Magnetic resonance imaging biomarkers of chronic obstructive pulmonary disease prior to radiation therapy for non-small cell lung cancer.
European Journal of Radiology Open
MATERIALS AND METHODS: Stage-III-NSCLC patients provided written informed consent for pulmonary function tests, imaging and the 6-min-walk-test. Ventilation defect percent (VDP) and CT lung density (relative-of-CT-density-histogram
RESULTS: Seventeen stage-III NSCLC patients were evaluated (68 ± 7 years, 7 M/10 F, mean FEV1 = 77%pred) including seven current and 10 ex-smokers and eight patients with a prior lung disease diagnosis. There was a significant difference for smoking history (p = .02) and FEV1/FVC (p = .04) for subgroups classified using quantitative imaging. Patient subgroups classified using qualitative imaging findings were significantly different for emphysema (RA950, p < .001). There were significant relationships for whole-lung VDP (p < .05), but not RECIST or tumour-lobe VDP measurements with pulmonary function and exercise measurements. Preliminary analysis for non-tumour burden ventilation abnormalities using Reader-operator-characteristic (ROC) curves reflected a 94% classification rate for smoking pack-years, 93% for FEV1/FVC and 82% for RA950. ROC sensitivity/specificity/positive/negative likelihood ratios were also generated for pack-years, (0.92/0.80/4.6/0.3), FEV1/FVC (0.92/0.80/4.6/0.3), RA950 (0.92/0.80/4.6/0.3) and RECIST (0.58/0.80/2.9/1.1).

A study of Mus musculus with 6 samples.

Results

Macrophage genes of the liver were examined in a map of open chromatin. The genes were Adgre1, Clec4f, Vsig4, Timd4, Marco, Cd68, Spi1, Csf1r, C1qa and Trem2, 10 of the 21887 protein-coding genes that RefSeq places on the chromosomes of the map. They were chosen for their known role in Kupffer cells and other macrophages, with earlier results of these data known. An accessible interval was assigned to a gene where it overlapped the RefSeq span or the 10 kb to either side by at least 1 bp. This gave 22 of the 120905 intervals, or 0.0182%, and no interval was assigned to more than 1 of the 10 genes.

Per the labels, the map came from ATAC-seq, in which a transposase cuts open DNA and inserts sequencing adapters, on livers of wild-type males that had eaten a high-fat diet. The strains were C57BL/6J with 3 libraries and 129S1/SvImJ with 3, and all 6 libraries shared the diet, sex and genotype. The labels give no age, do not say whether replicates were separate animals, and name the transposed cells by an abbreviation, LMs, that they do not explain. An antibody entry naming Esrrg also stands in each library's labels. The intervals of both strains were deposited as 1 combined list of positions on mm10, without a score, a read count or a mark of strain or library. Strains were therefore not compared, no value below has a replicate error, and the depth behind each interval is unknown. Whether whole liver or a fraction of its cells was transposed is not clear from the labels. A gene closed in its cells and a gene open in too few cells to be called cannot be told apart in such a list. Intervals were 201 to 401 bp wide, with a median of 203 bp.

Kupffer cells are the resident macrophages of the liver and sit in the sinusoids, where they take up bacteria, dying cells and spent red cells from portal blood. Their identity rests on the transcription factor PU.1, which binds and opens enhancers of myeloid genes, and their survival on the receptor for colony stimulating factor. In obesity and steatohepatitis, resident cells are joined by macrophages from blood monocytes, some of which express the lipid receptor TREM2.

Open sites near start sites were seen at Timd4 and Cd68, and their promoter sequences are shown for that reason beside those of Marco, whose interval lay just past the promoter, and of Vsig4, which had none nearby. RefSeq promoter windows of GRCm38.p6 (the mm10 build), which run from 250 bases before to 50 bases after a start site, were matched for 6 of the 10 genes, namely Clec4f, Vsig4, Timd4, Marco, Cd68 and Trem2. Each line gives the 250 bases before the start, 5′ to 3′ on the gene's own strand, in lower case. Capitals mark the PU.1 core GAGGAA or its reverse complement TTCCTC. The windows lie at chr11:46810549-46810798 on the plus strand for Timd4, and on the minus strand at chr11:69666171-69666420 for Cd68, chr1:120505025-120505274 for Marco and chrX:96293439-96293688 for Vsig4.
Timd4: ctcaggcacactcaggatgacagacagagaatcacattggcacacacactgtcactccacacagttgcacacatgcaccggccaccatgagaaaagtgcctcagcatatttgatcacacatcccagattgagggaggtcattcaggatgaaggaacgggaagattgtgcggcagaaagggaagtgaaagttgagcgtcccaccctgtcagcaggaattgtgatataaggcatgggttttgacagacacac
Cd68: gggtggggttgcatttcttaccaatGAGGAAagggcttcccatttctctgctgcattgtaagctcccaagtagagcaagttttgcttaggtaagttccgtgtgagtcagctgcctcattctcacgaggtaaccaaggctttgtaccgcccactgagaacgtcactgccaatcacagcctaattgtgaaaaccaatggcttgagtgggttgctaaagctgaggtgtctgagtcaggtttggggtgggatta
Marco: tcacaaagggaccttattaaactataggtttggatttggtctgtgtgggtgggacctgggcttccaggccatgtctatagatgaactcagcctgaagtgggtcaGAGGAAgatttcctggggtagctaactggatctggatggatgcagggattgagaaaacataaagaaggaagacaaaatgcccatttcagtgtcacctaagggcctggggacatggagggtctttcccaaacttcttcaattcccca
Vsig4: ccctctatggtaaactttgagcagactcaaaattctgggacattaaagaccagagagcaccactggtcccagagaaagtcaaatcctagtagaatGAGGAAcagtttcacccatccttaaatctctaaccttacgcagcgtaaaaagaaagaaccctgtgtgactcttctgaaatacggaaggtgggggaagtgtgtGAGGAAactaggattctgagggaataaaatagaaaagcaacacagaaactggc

CONCLUSIONS: In this prospectively planned interim-analysis of a larger clinical trial, NSCLC patients were classified based on COPD imaging phenotypes. A proof-of-concept evaluation showed that FEV1/FVC and smoking history identified NSCLC patients with ventilation abnormalities appropriate for functional lung avoidance radiotherapy.